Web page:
It will also be the first nationwide election since his administration’s contentious security legislation, which lifted the government’s long-standing ban on Japan engaging in collective self-defense and significantly expanded the scope for Self-Defense Force missions overseas, was enacted last year amid sharply divided public opinion and an outcry from scholars and opposition parties that the legislation violates the war-renouncing Constitution. And depending on the outcome of the Upper House election, Abe’s Liberal Democratic Party, with the help of its allies, may for the first time secure a two-thirds majority in both chambers of the Diet — a condition necessary to initiate a constitutional amendment for approval by a national referendum.

Voters need to fully recognize the issues at stake and the implications of the ballots they cast five weeks from now.

Abe and his ruling coalition enter the Upper House race — the third nationwide election since they returned to power in the December 2012 Lower House contest — with strong popular support. The approval ratings of Abe’s Cabinet in media polls, which plunged sharply last year as the ruling coalition rammed the security legislation through the Diet, have since largely recovered, with recent Kyodo News polls showing 55 percent in support of the administration, versus 33 percent against. His LDP claimed support of 44.4 percent of the respondents — roughly five times larger than the 8.7 percent for the largest opposition Democratic Party.

The LDP alone holds 65 of the 121 seats that are uncontested next month. If it captures 57 of the 121 seats up for grabs — compared with its pre-election strength of 50 — the LDP will regain a single-party majority in the Upper House for the first time since it was lost in the 1989 election, when the party suffered a huge setback right after the LDP-led government introduced a 3 percent consumption tax.

The party’s ruling coalition with Komeito together has 76 uncontested seats, and will be able to retain a majority in the chamber as long as it wins 46 seats. Abe said the coalition’s target is to capture a majority of the 121 seats contested next month. That would still be far short of a two-thirds majority of 162 in the 242-seat chamber. But the two-thirds majority may not be out of reach if other forces supportive of Abe’s bid for constitutional amendment are counted — in fact they would reach the threshold if they together win at least 78 of the seats up for grabs.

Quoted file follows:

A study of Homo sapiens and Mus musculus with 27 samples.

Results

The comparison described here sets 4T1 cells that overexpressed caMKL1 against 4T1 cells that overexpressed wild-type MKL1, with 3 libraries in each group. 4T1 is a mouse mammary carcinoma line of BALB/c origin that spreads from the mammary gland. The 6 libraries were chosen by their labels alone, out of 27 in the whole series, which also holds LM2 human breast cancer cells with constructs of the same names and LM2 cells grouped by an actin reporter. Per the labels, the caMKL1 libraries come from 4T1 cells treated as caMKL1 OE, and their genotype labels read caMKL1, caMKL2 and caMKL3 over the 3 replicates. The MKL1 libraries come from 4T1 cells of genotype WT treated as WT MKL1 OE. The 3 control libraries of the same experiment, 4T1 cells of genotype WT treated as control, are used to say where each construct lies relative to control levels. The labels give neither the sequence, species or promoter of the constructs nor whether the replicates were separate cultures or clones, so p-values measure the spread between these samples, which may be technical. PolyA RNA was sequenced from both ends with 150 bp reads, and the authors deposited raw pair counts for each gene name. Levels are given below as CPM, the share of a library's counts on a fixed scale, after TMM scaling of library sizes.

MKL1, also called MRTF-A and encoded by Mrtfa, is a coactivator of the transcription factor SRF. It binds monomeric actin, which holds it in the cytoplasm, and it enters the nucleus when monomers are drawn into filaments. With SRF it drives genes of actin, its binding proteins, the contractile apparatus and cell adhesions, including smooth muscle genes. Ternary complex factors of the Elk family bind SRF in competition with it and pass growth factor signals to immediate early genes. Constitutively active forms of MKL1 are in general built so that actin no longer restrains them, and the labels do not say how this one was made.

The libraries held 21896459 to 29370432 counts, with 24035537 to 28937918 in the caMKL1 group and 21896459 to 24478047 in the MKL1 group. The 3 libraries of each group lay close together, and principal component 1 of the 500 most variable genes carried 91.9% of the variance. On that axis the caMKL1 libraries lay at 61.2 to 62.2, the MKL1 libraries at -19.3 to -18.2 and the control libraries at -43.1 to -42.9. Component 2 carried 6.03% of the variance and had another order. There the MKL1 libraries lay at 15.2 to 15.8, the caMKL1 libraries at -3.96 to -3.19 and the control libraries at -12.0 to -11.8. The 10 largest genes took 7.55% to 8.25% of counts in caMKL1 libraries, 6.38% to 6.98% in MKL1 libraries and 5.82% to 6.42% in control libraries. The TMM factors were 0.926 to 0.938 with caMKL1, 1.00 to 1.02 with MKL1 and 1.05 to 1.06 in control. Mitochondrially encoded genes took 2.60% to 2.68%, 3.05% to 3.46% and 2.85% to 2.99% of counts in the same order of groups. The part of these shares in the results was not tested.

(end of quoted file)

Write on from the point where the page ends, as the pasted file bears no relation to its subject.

Abe, who has been increasingly candid about his bid to amend the postwar Constitution since the beginning of the year, appeared to play down an amendment as a campaign issue during his Wednesday news conference announcing the postponement of the consumption tax hike. Still, this is the last Upper House election before his supposed last term as LDP chief ends in September 2018. It may be the last chance for him to forge a two-thirds majority (which the LDP-Komeito alliance already has in the Lower House) in the upper chamber and initiate a constitutional amendment while he’s in office — as he told the Diet he hoped to do.

The last three nationwide Diet elections that Abe fought at the helm of the LDP all ended in a landslide win for his coalition. Ever since the Democratic Party of Japan’s crushing fall from power in 2012, the splintered opposition camp has been dwarfed and powerless against the LDP-Komeito bloc both in Diet proceedings and at the polls.

Now they may be coming to their senses. The upcoming election will test a joint campaign that four opposition forces including the Democratic Party and the Japanese Communist Party agreed to forge in all of the 32 electoral districts in which one seat each is up for grabs, where the parties will avoid competing with each other and field a single candidate against the ruling coalition. The winner-take-all races in such constituencies influence the election’s overall outcome. The LDP won in 29 of 31 such districts in the last Upper House race in 2013, but the results also showed that opposition parties combined won more votes than the LDP in several of those constituencies. If they do not split their votes among themselves, the opposition parties may outperform or at least put up a good fight against the ruling bloc candidates.

How that calculation fares in the actual election remains to be seen. The joint campaign was forged as the JCP withdrew its candidates in most of the constituencies at stake in favor of either Democratic Party members or independents. But doubts remain whether the cooperation will work among parties that have disparate campaign machines and supporters, including labor unions, and lack a common policy platform — a problem that Abe and other ruling coalition leaders also highlight as they criticize the opposition campaign.

The upcoming election will also see the minimum voting age lowered from 20 to 18 — the first such change since it was lowered from 25 to 20 in 1945. The amendment to the Public Offices Election Law enacted last year brings in an estimated 2.4 million new voters. Recent Diet elections have been marred by declining voter turnout — with the rate in the 2013 Upper House race at 52.61 percent — but the turnout among younger voters is particularly low — the 33.37 percent among voters in their 20s was roughly half the 67.56 percent among those in their 60s. Younger voters should realize that the issues at stake affect their own future — including the impact of Abe’s decision to delay the tax hike on the nation’s fiscal health and sustainability of the social security system — and not make light of their newly acquired enfranchisement.